In Lewes, transparency takes a hit
Democracies work best when government functions openly and transparently. That allows voters to be informed and involved; informed and involved, the people can bring collective expertise to the decision-making process and help produce the best decisions.
Elected members of the Lewes Mayor and Council and the Lewes Board of Public Works failed that test in early 2017 when their elected leaders – Mayor Ted Becker and President Wendell Alfred – signed a nondisclosure agreement related to two legal reviews funded with taxpayer and ratepayer dollars. Nondisclosure means those reviews – together costing about $56,000 – were hidden from the public.
The reviews (see attachments) were commissioned first by mayor and council and then, tit for tat, by the BPW. Both targeted, among other things, a single question: Does the BPW stand as an independent governmental authority or does it answer ultimately to mayor and council?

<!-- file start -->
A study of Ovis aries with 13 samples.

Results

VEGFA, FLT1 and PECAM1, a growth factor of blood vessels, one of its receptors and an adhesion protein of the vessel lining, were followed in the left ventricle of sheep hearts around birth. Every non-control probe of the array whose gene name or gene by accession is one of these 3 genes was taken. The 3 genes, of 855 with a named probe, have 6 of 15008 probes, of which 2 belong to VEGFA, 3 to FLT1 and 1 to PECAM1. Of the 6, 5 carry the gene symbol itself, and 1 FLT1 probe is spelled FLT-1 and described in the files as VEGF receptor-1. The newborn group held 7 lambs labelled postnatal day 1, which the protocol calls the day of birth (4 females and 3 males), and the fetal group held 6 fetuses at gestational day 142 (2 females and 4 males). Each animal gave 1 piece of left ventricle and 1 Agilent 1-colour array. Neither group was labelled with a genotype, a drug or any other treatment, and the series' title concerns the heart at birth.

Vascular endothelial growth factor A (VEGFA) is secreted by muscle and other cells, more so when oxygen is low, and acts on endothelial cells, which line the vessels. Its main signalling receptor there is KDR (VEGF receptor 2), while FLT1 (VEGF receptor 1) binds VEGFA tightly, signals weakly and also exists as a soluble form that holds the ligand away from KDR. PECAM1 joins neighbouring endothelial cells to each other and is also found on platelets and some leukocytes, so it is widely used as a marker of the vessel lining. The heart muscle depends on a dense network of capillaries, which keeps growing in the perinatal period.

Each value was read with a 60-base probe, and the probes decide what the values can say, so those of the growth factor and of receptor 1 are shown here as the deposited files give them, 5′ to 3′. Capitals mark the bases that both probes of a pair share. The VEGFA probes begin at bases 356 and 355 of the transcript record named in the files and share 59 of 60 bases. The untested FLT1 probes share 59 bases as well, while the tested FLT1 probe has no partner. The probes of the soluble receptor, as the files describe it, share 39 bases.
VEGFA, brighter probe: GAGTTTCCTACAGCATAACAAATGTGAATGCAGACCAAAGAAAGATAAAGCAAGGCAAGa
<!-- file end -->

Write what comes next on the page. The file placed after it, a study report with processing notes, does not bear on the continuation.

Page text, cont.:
The question arose when BPW members started resisting mayor and council’s insistence that the BPW provide utilities to properties outside city limits only after owners agreed to annex into the city. That started the wrangling that has now resulted in a lawsuit and the expenditure – so far – of nearly $200,000 in legal bills.
Both sides say they were trying to settle the issue quietly and amicably. Few following the story will be surprised to learn that the review commissioned by the city determined the mayor and council have ultimate authority, while the review commissioned by the BPW found the opposite.
The reviews surfaced this fall when former BPW President Alfred said he felt relations between the two bodies went south when the city commissioned its report. Both entities, upon request, recently released the reviews.
Since the reviews were completed, city and BPW officials have passed through three election cycles. Voters would have had an earlier sense of the depth of this disagreement had those documents been released when they were received. The reviews could have been part of the election discussions and deliberations, and could have led to an earlier and less expensive resolution.
The voters were left out of this equation. That weakened the governmental process. That’s not good government.